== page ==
24 febbraio 2006

Lingering threat of coerced abortion in the Philippines

The same attitude that poplations must be controlled by government policies of sterilization and mandatory abortions is spreading through some in the Filipino government.

A proposed law would threaten doctors who refused to perform sterilizations and administer abortifacients with prison time. Filipinos are 87% Catholic and 5% Muslim. In other words, the religious beliefs of 92% of the country do not allow forced abortion or sterilization.

Luckily, the opponents of this proposed legislation outnumber its proponents.

As reported by Bradford Short (no relation to Martin):

Two-Child Policy Stalled in Filipino Congress; Lack of Support Cited

Proposed legislation in the Philippines that would impose radical limits on the number of children that families can have appears to have less support in the Congress than was once reported. But pro-family opponents of the bill warn that it remains on the legislative calendar and remains a threat despite the fact that the proposed act is very unpopular in the majority Catholic country.

In January the Friday Fax reported that some Filipino legislators, arguing that the Philippines needs a much more aggressive policy of population control, introduced a bill that is strikingly similar to the one-child policy of Communist China. The "Responsible Parenting and Population Control Act of 2005" includes a preference in education for two-child families, free access to abortifacients, mandatory sex education for children as young as 10-years-old and imprisonment penalties for health care providers who refuse to perform or provide sterilization services for a population that is 87 percent Catholic and 5 percent Muslim.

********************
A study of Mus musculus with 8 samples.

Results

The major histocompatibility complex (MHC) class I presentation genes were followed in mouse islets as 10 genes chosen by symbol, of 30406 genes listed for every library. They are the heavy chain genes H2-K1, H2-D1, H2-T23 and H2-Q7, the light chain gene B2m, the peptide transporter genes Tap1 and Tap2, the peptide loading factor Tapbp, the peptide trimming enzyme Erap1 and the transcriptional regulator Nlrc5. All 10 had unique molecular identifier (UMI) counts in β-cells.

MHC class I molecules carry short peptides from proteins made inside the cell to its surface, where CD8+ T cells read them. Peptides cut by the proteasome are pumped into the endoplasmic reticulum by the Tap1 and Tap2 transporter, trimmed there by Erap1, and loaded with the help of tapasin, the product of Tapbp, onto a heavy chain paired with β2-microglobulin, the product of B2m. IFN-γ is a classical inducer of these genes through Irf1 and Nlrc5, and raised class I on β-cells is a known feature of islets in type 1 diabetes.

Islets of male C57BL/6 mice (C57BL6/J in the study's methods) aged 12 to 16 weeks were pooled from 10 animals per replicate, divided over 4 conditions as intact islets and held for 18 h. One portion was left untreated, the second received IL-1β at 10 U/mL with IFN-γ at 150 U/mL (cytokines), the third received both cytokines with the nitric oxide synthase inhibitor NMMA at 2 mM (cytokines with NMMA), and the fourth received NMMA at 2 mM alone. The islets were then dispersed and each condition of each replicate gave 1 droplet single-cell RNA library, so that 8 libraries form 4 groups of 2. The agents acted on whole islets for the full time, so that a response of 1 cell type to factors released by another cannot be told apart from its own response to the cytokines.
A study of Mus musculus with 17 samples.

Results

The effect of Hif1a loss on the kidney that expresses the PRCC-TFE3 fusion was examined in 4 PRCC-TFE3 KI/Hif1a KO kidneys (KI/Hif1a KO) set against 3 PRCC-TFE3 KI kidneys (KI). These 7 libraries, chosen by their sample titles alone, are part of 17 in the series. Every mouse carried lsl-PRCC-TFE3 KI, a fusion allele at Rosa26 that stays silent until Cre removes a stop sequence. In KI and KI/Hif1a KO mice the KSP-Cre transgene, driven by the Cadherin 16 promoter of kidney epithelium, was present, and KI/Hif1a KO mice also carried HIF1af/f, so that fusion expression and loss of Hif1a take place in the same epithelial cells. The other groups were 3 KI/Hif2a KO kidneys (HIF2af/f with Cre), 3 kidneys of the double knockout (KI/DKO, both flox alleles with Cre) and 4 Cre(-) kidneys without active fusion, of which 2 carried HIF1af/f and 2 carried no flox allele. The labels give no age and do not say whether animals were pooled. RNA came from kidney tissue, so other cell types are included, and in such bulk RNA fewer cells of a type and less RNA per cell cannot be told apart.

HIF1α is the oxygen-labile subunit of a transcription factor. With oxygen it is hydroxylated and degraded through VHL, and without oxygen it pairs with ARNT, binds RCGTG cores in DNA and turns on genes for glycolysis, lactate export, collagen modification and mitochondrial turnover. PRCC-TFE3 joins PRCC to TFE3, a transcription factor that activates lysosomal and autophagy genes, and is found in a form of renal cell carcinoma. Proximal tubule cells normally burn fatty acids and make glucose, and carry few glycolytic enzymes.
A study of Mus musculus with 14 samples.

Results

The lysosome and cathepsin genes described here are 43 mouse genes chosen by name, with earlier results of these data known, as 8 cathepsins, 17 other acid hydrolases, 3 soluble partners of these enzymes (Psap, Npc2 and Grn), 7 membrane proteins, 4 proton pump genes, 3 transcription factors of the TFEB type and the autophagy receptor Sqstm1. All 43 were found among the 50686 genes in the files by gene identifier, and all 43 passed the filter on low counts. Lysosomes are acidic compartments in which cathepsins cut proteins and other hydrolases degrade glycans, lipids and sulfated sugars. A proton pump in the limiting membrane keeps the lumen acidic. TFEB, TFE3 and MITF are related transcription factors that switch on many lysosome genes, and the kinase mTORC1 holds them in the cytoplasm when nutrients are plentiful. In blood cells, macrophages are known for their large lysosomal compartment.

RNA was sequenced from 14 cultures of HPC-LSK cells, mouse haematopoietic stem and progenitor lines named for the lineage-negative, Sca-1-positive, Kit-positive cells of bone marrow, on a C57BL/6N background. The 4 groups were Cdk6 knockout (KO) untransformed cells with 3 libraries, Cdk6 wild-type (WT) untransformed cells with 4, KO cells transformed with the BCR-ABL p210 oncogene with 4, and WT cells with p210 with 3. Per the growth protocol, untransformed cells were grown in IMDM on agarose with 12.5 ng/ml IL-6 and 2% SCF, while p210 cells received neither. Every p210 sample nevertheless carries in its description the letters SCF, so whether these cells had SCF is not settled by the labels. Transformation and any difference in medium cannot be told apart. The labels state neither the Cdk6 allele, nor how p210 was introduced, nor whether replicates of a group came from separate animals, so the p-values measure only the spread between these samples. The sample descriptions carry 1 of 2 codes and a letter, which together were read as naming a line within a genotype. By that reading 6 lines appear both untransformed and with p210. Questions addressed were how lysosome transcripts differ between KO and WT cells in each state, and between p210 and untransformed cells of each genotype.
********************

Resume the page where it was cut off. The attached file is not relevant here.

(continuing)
At that time one sponsor of the act reported that he had the votes of 135 of 238 members of the Filipino House. It was thought that the bill could be debated and voted on at any time. It now appears that this particular statement was hyperbole. According to Eileen Macapanas Cosby, Executive Director of the Filipino Family Fund, the act was not debated, let alone passed, by the Filipino House last January. Nevertheless, Cosby warns that the bill remains a threat. She said supporters of the "two-child" policy have pressed on. According to Cosby, the act is "still on the schedule" of the House's legislative calendar, listed as "unfinished business," which means that it can be brought up for debate and a vote at any time during the early days of the work-week during any one of the next few weeks.

If passed the act would provide for a centralized bureaucracy that would be run by three non-elected officials from NGOs. This new bureaucracy would oversee the implementation of the legislation. Cosby said the bill "paves the way" for "the kind of human rights nightmare that is already" taking place "in China, with its coercive sterilization and contraception practices." She calls the proposed bill "China-lite."

Filipino President Gloria Macapagal Arroyo is likely to veto the proposed act if it passes both houses of Congress. As in the American system, the act would then return to Congress where it must receive two thirds of the vote in both chambers to override the veto.